Entrepreneurs, though, are all screwed up. They don't need to be rewarded for risk, because they actually get utility out of risk itself. In other words, they like adventure.
He likens entrepreneurs to swashbucklers of old. (Or is it olde?)
Why did some people way back in the 17th century, or whenever, become pirates? The likely payoff was abysmal, I imagine. There's a very small chance you'd make a fortune from some prize, and a very large chance you'd drown, or be hung, or shot, or whatever. And living on a small ship with a hundred other guys must have sucked, even for the captain.
But in my fantasy pirate world these guys just had really screwed up risk aversion algorithms. Unlike most of the other people they actually lusted after that risk. The potential for riches was just an argument for the venture. But the real payoff was the pirate life itself.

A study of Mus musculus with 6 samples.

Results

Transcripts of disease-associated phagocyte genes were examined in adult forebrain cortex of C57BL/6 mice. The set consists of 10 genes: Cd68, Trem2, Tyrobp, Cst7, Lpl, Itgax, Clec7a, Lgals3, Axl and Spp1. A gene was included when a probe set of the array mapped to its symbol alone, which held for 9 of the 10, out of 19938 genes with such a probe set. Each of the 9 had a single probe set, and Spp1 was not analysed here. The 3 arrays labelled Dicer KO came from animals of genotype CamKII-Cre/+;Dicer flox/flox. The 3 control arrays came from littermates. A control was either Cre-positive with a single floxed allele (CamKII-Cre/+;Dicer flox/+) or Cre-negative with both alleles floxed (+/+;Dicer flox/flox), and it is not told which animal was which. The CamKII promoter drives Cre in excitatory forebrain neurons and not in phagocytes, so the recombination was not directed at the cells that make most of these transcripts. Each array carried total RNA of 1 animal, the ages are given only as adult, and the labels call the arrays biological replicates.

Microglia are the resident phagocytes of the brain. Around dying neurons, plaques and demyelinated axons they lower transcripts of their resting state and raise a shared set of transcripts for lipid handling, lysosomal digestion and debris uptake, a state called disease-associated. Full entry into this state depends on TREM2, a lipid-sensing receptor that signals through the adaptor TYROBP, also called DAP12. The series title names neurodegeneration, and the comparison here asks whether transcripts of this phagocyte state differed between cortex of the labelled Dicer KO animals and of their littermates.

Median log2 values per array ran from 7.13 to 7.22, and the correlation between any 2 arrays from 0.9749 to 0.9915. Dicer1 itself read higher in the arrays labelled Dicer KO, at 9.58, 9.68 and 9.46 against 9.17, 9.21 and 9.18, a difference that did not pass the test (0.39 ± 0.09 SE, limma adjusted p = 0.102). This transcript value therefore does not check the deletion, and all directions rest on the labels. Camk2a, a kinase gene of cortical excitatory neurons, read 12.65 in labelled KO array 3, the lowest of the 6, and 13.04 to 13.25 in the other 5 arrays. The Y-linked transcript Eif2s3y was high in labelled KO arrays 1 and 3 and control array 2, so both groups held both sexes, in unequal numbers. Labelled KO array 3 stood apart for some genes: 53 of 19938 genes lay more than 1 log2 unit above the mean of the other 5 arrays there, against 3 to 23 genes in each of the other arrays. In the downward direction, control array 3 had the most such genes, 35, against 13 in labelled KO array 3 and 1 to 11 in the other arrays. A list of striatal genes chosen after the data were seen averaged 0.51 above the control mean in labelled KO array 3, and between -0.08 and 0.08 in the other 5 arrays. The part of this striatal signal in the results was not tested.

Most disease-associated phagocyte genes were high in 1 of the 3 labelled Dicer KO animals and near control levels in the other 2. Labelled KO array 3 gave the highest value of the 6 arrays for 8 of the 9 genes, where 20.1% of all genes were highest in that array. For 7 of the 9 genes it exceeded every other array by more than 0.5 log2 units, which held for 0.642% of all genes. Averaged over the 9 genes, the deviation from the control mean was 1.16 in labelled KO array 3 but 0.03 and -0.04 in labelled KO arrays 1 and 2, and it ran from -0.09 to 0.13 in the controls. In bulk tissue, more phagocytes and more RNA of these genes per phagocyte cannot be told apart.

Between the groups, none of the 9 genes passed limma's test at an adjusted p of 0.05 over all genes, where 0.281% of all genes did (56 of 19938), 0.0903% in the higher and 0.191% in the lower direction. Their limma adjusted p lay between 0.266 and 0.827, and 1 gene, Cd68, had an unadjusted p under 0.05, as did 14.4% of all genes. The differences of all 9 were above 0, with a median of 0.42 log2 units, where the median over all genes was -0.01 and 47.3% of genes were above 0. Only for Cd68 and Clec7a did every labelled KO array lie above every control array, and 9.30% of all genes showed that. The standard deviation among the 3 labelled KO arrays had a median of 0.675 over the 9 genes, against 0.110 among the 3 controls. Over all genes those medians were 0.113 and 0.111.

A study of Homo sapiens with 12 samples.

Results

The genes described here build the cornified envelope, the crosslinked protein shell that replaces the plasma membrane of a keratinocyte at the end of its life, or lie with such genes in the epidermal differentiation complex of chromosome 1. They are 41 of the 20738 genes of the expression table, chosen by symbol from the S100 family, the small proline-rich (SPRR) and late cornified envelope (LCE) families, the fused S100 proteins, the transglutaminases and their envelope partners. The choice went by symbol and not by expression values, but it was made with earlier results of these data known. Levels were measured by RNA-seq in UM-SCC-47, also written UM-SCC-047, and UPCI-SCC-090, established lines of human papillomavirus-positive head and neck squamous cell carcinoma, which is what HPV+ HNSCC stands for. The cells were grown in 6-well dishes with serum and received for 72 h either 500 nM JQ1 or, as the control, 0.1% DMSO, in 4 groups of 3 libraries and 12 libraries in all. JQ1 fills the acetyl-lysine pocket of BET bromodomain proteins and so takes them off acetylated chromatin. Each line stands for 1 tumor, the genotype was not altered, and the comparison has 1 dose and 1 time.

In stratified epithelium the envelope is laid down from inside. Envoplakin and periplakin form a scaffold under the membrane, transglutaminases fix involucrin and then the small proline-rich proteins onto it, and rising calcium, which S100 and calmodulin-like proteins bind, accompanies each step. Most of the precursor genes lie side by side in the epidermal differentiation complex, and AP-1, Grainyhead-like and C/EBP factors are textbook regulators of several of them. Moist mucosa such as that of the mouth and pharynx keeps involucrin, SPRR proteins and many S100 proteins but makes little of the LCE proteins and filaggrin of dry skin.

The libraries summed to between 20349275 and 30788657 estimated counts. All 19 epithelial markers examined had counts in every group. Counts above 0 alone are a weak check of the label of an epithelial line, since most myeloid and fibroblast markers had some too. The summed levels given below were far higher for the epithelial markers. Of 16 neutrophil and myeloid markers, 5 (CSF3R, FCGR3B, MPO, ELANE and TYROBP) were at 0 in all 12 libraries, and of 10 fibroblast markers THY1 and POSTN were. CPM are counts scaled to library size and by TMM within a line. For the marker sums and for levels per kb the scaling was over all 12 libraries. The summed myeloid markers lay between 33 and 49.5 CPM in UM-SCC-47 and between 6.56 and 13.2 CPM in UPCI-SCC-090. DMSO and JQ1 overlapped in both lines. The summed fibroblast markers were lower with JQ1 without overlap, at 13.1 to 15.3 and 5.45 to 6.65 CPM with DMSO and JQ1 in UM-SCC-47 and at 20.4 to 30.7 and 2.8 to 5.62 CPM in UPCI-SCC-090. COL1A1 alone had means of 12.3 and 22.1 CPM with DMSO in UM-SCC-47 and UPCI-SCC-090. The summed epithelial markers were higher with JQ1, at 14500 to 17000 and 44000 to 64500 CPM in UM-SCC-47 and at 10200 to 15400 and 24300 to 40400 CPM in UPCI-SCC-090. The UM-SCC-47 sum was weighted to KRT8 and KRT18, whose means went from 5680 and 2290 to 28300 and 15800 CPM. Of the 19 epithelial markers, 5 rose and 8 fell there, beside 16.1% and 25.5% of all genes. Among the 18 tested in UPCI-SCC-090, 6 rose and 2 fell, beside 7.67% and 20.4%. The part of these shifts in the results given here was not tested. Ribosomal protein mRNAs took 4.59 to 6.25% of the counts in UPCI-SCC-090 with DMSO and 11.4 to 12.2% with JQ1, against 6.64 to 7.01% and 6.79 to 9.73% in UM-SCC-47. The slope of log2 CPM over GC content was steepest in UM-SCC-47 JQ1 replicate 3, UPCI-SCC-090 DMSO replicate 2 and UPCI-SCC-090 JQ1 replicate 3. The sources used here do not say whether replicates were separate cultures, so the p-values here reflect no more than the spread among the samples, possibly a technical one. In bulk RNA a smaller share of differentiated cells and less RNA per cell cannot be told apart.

There's some serious oversimplification in this argument—and Arrington is talking about a very specific kind of start-up—but I think that he gets at an interesting truth: It is difficult to describe entrepreneurs' decisions in purely economic terms.
One thing that seems strange to me is that Arrington assumes that entrepreneurs' motivations are "screwed up." He seems to think that wanting more freedom and a greater sense of agency is somehow wrong. In fact, I think that's what most people (corporate lawyers and entrepreneurs alike) want. CEOs would do well to remember that they're not the only ones who like a little bit of adventure; most everyone does.